Is home purchase via blockchain now closer to becoming mainstream?
11 December 2019 13308 Views
A new tie-up between Coadjute, a network for decentralised workflow and data sharing within the property industry, and banks including NatWest has brought home purchase via blockchain one step closer.
The project to develop new mortgage and homebuying technology will involve a consortium of leading property software providers and NatWest, one of the UK’s leading high street banks.
The main goal of the technology is to speed up and simplify the entire homebuying process – something which the government, Land Registry and other industry stakeholders have been battling with of late – and then make it available via NatWest’s mobile banking app.
To make this achievable, a consortium has been created with a number of software providers from each stage of the homebuying process.
How will it work?
Coadjute and NatWest will collaborate to create a new end-to-end homebuying journey by connecting each software provider’s platform and building a decentralised home buying network.
Using blockchain – also known as distributed ledger technology - means the information required in processes such as securing a mortgage and finalising an offer to buy will be seamlessly shared between each party, those behind the project say.
This more seamless sharing of information should, in turn, make the whole homebuying process much faster and more efficient. Ultimately, the project aims to provide NatWest customers with complete transparency over the entire homebuying process via their app, enable consumers to feel more in control and confident throughout.
There is a precedent for this, with Coadjute’s technology previously used in a ground-breaking trial which involved the test sale of a home using blockchain. Involving 40 global organisations, including RBS and Clifford Chance, the sale was one of the first of its kind and ‘showcased how the entire conveyancing process could be reduced to three weeks’.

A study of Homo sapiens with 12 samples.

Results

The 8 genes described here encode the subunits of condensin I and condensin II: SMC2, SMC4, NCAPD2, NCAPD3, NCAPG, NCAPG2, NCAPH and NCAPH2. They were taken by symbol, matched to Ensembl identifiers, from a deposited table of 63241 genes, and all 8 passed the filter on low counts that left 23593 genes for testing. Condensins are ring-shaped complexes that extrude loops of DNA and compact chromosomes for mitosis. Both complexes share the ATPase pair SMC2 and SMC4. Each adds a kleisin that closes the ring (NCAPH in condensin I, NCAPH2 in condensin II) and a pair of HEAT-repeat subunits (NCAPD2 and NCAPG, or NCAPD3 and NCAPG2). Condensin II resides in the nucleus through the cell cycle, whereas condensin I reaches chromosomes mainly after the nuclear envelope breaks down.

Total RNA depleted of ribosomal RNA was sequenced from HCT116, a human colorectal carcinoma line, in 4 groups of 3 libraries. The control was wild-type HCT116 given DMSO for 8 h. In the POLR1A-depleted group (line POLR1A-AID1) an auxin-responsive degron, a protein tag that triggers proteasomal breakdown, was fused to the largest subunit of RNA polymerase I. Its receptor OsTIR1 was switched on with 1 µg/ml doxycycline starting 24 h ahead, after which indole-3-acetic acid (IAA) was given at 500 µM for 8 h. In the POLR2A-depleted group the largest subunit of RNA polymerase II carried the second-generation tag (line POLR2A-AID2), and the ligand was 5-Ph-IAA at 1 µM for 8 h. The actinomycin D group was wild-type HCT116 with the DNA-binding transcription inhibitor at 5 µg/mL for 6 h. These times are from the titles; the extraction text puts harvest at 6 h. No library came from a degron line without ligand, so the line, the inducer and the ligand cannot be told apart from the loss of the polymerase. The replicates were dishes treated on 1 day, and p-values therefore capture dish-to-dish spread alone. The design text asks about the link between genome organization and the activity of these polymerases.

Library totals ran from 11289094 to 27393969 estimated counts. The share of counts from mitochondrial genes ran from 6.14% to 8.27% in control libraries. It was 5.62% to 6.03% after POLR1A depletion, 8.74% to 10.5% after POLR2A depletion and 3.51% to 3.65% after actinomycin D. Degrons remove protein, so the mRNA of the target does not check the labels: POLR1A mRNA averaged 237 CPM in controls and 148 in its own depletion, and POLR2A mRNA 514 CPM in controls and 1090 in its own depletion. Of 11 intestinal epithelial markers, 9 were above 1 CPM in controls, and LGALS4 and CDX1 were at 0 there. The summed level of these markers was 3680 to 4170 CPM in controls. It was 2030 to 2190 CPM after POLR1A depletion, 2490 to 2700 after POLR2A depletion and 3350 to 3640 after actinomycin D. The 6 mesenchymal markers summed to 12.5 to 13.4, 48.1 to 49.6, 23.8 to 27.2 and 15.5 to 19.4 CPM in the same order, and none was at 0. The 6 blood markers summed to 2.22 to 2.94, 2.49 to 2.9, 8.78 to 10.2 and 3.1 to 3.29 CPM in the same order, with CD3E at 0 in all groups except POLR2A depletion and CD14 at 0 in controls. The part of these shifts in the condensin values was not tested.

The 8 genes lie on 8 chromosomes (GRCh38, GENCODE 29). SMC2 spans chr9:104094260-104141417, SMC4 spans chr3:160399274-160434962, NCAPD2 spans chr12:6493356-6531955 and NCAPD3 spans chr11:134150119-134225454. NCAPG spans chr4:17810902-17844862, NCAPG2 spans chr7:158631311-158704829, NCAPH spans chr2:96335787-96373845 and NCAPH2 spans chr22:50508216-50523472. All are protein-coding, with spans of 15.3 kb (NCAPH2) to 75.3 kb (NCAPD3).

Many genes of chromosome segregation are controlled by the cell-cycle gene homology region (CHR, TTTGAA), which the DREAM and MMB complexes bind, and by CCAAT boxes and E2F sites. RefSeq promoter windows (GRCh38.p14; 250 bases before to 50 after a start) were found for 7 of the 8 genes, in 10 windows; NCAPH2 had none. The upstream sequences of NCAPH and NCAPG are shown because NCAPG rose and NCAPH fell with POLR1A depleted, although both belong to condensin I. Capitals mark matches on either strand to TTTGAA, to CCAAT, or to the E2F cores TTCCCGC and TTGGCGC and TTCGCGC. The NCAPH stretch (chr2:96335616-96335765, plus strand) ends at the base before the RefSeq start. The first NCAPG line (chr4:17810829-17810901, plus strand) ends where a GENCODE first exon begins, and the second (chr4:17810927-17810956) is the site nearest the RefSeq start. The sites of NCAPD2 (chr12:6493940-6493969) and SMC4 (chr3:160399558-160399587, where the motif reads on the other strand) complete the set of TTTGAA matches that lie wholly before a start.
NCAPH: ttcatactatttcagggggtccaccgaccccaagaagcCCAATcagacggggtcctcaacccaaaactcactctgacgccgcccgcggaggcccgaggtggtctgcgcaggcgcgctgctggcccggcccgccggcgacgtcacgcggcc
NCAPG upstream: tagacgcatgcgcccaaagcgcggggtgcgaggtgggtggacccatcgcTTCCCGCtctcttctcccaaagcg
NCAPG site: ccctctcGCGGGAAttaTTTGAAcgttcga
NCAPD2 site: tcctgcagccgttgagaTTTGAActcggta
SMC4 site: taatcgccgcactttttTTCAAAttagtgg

Dan Salmons, director for mortgage innovation at RBS, which owns NatWest, said: “We are committed to using the latest innovations to build new solutions for our customers that improve our customer’s lives.”
He believes the homebuying process is an area ripe for improvement, but that real change can only be brought to bear when all the parties involved come together.
“This is why this project and consortium is such a crucial step and if it is successful it will be a game-changer for our customers and the entire property market,” he added.
John Reynolds, chief executive and founder of Coadjute, meanwhile said customer adoption would be driven by businesses coming together to provide a joined-up service.
“Even at this stage, we have connected up 12% of the mortgages market, 1,000 estate agency brands, 4,000 conveyancers, and 80% of all property valuation instructions. With a pipeline of leading platform providers signed up and ready to onboard, we will have a significant percentage of the property industry on the platform when it goes live.”
He added: “We envisage a time when Coadjute-enabled businesses will be the go-to choice for all customers to get a mortgage and move home in one simple, fast and secure digital journey.”
The project is working towards launching its Minimum Viable Product in 2020, with Coadjute’s proposition further strengthened by the team’s work with HM Land Registry’s Digital Street project, where they beat a number of large corporations to win a major R&D project to use distributed ledger technology to explore connecting a central land registry with businesses.
Coadjute’s trial was built on Corda Network and hosted on Microsoft Azure in what is known as a R3 CorDapp Trial.
As we can see from the above, there is clearly a desire for software providers to be more involved in the property industry – and also for the industry itself to be more digital and tech-led than ever before to speed up the homebuying and selling process.